Academic Calendar

Fall 2017

Fall 2017 Important Dates

Registration OpensMay 8, 2017
Application Deadline for New StudentsJuly 15, 2017
Registration DeadlineAugust 28, 2017
Moodle Courses OpenedSeptember 4, 2017
Courses BeginSeptember 11, 2017
Last Day for Course Drop (100% Tuition Refund)
Course Drop Form
September 17, 2017
Last Day for Course Withdrawal ("W" Grade)
Course Withdrawal Form
September 24, 2017
Courses EndDecember 17, 2017

Courses Offered:

Dying, Death, & Grief Experiences (Course ID: SSC 811)  

Death and loss are inevitable and fundamental aspects of the human experience. The Buddha was in part inspired to set out on his own spiritual quest after witnessing aging, sickness, and death. It is therefore imperative that Buddhist teachers be confident and competent to minister to those experiencing loss and grief. This course will explore the dying process and death from biological, psychological, sociological, philosophical, and spiritual perspectives. The experience of grief, and how to offer care for bereaved individuals and families, will also be addressed in this course.

Skillful Communication (Course ID: SSC 724)

As one of the eight spokes of the Buddhist Noble Eightfold Path, ‘Right Speech’ is a crucial skill for competent and compassionate ministry. It has been said that one’s tongue, or words, can be the most dangerous weapon in the world. Meaning, what we say, and how we say it, has the potential to heal or to injure others. In this course, students will learn the principles, strategies, and practices of skillful communication that contribute to understanding, reconciliation, and healing.

Sangha Leadership & Administration (Course ID: MCO 824)

This course will help students to develop healthy and conscientious leadership skills. Shifting clergy identity, roles, and responsibilities will be addressed in relation to a range of ethical issues faced in congregational life and ministry, including confidentiality, clergy misconduct, collegiality with professional peers, ethical boundaries, and the ethics of teaching, counseling, and social engagement. A Buddhological framework for ethical leadership and conduct will be developed with attention to issues of power and professionalism and their limits. Emphasis will be placed on healthy leadership and practices for forming and maintaining healthy congregations (Sanghas). This course will also cover mundane dynamics of leadership responsibilities such as setting up a new center/temple, including non-profit status, 501(c)3 status, as well as marketing and communication strategies.


Winter 2018

Winter 2018 Important Dates

Registration OpensDecember 11, 2017
Application Deadline for New StudentsJanuary 15, 2018
Registration DeadlineJanuary 29, 2018
Moodle Courses OpenedFebruary 5, 2018
Courses BeginFebruary 12, 2018
Last Day for Course Drop (100% Tuition Refund)
Course Drop Form
February 18, 2018
Last Day for Course Withdrawal ("W" Grade)
Course Withdrawal Form
February 25, 2018
Courses EndMay 20, 2018

Courses Offered:

Ritual, Ceremony, & Liturgy (Course ID: MCO 725)  

Ritual, ceremony, and liturgy function as core elements and dynamics of Buddhist practice and ministry. Rituals have long served to help people to make meaning and understand significant life experiences. This course will both introduce students to the concept and history of ritual in the Buddhist context and also help prepare students to create and adapt rituals for use in an increasingly post-modern and secular culture. Specific rituals explored will include both celebratory rituals and rituals of mourning, grief, and remembrance. Liturgical focus will be at the discretion of the Course Facilitator.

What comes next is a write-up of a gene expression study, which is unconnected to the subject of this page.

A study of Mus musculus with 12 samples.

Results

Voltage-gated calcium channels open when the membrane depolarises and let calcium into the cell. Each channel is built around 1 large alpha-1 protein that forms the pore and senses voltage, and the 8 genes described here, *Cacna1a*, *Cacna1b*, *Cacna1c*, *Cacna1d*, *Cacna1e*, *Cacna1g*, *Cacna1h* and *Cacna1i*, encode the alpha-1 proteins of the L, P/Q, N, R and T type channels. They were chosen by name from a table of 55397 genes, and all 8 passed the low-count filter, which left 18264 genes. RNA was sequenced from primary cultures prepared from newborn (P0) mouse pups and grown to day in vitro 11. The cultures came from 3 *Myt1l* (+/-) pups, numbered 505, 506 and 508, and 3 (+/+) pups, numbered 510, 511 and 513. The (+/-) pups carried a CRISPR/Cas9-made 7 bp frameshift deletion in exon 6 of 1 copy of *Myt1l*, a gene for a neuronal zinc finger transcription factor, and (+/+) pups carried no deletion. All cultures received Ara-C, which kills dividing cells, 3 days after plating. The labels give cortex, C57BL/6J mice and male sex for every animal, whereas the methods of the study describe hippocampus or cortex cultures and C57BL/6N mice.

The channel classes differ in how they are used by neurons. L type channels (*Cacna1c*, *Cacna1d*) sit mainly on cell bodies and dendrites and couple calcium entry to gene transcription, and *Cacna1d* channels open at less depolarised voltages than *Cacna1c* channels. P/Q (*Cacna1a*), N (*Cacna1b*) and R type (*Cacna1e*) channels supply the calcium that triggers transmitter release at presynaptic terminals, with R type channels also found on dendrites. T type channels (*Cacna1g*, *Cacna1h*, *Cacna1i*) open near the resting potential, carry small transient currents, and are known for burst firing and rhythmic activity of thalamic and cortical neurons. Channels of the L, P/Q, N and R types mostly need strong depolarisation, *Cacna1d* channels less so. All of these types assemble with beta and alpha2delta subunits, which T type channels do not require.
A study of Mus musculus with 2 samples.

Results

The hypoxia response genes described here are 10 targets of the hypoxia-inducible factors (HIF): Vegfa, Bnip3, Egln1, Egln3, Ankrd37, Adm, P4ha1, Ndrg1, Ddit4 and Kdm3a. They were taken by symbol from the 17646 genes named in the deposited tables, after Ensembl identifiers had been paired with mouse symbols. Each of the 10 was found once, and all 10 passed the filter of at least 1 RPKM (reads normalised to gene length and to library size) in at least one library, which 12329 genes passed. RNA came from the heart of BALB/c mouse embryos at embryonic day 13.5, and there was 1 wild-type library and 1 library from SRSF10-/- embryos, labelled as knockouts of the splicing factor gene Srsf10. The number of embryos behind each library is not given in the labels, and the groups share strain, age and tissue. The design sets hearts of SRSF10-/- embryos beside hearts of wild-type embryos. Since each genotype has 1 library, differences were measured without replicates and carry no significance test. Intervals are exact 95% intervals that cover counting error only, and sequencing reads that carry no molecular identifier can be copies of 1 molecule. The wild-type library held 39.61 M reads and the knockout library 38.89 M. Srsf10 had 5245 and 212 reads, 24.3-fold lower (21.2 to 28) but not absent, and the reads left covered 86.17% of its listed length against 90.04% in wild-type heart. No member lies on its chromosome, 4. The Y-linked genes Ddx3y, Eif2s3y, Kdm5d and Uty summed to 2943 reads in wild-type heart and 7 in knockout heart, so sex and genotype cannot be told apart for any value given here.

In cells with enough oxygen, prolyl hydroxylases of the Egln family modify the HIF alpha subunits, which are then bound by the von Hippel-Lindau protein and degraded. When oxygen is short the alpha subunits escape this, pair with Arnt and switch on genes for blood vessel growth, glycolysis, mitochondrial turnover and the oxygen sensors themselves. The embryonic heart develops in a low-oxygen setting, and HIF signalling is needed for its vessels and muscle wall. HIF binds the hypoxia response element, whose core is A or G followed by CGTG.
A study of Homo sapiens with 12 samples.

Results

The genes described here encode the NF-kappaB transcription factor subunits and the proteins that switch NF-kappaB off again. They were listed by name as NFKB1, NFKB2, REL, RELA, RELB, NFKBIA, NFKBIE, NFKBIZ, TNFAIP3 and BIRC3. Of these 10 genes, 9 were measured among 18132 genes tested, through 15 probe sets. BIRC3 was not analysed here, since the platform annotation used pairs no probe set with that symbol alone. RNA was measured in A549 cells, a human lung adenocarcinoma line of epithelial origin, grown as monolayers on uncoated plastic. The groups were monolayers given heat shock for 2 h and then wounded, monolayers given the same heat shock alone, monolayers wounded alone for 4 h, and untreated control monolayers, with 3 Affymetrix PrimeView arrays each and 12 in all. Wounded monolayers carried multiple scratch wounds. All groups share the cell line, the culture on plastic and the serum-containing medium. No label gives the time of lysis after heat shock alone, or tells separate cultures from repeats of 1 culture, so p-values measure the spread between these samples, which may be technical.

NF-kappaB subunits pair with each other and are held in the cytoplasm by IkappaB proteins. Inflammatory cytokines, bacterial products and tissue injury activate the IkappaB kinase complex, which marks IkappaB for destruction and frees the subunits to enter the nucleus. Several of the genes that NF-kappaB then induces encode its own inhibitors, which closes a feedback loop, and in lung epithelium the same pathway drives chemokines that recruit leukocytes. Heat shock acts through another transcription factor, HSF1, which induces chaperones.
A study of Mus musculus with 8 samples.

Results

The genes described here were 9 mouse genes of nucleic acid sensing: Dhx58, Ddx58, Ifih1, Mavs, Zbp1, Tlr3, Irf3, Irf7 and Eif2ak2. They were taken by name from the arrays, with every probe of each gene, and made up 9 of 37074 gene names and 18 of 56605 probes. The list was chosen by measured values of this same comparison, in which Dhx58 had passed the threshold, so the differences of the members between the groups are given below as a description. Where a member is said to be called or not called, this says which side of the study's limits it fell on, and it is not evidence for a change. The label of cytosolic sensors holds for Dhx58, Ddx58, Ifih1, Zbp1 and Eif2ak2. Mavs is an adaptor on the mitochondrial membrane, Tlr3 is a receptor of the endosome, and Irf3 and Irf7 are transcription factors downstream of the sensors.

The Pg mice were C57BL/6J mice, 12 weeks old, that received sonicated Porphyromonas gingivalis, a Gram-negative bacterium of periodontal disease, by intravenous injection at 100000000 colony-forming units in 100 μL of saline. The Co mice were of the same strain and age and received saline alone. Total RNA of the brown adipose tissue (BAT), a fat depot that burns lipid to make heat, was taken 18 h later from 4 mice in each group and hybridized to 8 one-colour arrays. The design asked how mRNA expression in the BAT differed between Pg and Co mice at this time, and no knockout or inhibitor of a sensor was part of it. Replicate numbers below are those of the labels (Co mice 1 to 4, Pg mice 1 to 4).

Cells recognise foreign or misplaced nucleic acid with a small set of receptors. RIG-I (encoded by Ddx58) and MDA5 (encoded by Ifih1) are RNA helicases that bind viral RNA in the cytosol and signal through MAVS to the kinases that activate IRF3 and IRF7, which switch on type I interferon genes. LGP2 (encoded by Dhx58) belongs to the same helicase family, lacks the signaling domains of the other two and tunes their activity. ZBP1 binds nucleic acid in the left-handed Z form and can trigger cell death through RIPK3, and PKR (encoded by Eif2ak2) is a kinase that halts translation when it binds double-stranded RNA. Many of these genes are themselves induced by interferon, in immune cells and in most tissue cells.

Addictions & Mental Health (Course ID: SSC 813)  

Nearly 58 million American adults (26%) suffer from a diagnosable mental disorder and 23 million Americans suffer from drug and alcohol addiction. On any given day, over 700,000 Americans seek help for an addiction. In this course, students will investigate the landscape of mental health and addiction through a ministerial lens. Students will develop their awareness and literacy of these two areas of suffering and acquire basic intervention skills when persons with mental health or addiction issues present themselves in one’s sphere of influence.

Buddhism in the West (Course ID: SPH 826)

Buddhism is relatively young in the West, but the long and sometimes difficult process of assimilation of this ancient tradition is well under way. Everywhere Buddhism has spread, societies and cultures have integrated and synthesized the Buddhadharma with already existent traditions and customs. The course will trace the history and consider the future of Buddhism in the West. Students will become compare and contrast the more “traditional” types of Asian Buddhism to what is beginning to form in the West. In the West, congregations are much more ethnically, culturally, and spiritually diverse than in Asia. Students will learn how to navigate, embrace, and celebrate this cultural diversity in the modern Buddhist Sangha.

Capstone Project (Course ID: CAP 900) Registration by faculty permission only.

The Capstone Project is offered in the student’s final semester upon approval of the ICBM faculty. This course is an independent study course in which the student will devise an original project intended to integrate and synthesize their studies throughout the program. Projects are expected to demonstrate a student’s achievement of ICBM competencies and outcomes in an applied ministerial context. Projects will be supervised by a faculty committee.